A full-scale reopening of the the economy while battling the pandemic at the same time is the right formula for recovery.
Businessmen believe the Philippine economy will fully recover and grow if the government allows a 100-percent operational capacity to key economic sectors, such as retail and services.
The Employers Confederation of the Philippines, thus, has called for the full-blast reopening of all business toward the tailend of the last quarter.
“Even before, and that was last year, there was a consensus to live with the virus. This consensus is even more pronounced today, now that we have the vaccines, and with the aggressive vaccination efforts and us maintaining the minimum health protocol,” said ECOP president Sergio Ortiz-Luis.
He said with 70 percent of the population in Metro Manila now vaccinated, it is more logical to allow full-blast reopening so that the business community, especially the micro companies, may “start their own tales of recovery.”
Many micro enterprises, for one, have been anticipating the rollout of loans to tide them over their responsibility to provide the mandatory bonus for workers.
ECOP recently met with the Department of Labor to discuss the extent of the special loan program, how many micro firms will be allowed to avail of the credit assistance and the possible requirements these firms may need to qualify for the facility.
Small Business Corp., the financing arm of the Department of Trade and Industry will start accepting applications starting November 2, 2021. The company is preparing loan packages of about P50,000 to P200,000 for micro and small enterprises.
“Similar to what we did last year, we see no reason to defer the 13th month pay for this year as the government stands ready to support businesses amid the pandemic. We already reached out to SBCorp to develop a facility that will provide zero-interest loans to companies needing 13th month funding,” said DTI Secretary Ramon Lopez.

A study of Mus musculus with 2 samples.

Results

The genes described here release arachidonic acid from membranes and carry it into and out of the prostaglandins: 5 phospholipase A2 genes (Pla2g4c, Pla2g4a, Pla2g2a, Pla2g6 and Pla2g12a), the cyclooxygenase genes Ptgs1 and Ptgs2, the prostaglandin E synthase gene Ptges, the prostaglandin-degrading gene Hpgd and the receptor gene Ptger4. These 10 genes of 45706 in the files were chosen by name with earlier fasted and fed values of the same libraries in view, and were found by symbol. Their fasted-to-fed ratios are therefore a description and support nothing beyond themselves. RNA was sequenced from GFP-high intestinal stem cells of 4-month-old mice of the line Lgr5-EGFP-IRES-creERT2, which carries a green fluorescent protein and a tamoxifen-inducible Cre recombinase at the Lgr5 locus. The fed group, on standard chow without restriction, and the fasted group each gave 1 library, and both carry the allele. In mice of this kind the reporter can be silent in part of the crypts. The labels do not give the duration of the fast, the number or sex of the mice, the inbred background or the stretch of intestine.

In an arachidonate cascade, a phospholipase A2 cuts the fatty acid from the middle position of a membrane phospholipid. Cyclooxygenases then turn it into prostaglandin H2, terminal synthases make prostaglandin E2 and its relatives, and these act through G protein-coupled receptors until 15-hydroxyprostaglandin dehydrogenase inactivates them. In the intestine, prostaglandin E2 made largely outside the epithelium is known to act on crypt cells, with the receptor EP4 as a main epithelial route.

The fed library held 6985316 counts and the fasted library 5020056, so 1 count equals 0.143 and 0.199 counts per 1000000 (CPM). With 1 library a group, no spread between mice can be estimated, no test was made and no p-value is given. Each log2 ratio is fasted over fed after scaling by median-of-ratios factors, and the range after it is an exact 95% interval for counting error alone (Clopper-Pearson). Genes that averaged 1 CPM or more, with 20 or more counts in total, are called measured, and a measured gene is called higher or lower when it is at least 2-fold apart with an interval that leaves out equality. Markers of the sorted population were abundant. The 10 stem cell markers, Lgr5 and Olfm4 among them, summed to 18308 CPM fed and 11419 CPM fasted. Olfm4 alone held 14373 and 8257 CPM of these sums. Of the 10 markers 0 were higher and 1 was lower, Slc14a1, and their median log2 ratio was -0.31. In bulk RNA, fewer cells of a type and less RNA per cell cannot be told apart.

The DTI in 2020 lent out funds from SBCorp.’s CAREs program to help micro and small enterprises provide the 13th month pay of their workers. The CAREs program aims to assist enterprises affected by the pandemic. The funding comes from an P8-billion allocation from the Bayanihan Recover As One Act (Bayanihan 2).
In addition to the DTI’s continued rollout of the COVID-19 Assistance to Restart Enterprises (CARES) Program, Lopez said a more sustainable solution for businesses would be the reopening of more activities, even on Alert Levels 4 and 3.
“The idea here is that we allow more business continuity and simply adjust operating capacities at different Alert Levels to safely increase mobility,” Lopez said.
Employers, meanwhile, reminded the government that safe business continuity was possible if workers are given access to a reliable and safe transport system.
“Why not bring back the pre-pandemic flow of public transport. If we want our employees to come to the office or to our stores, shops or restaurants, I believe they have a right to decent access to transportation. But the government should be able not only to address transportation issues but ensure that the long queues in passenger terminals will not start another super spreader event,” Ortiz-Luis said.
“We hope that the government will stop all these experiments on lockdown measures, transportation schemes and on all types of COVID responses,” he added.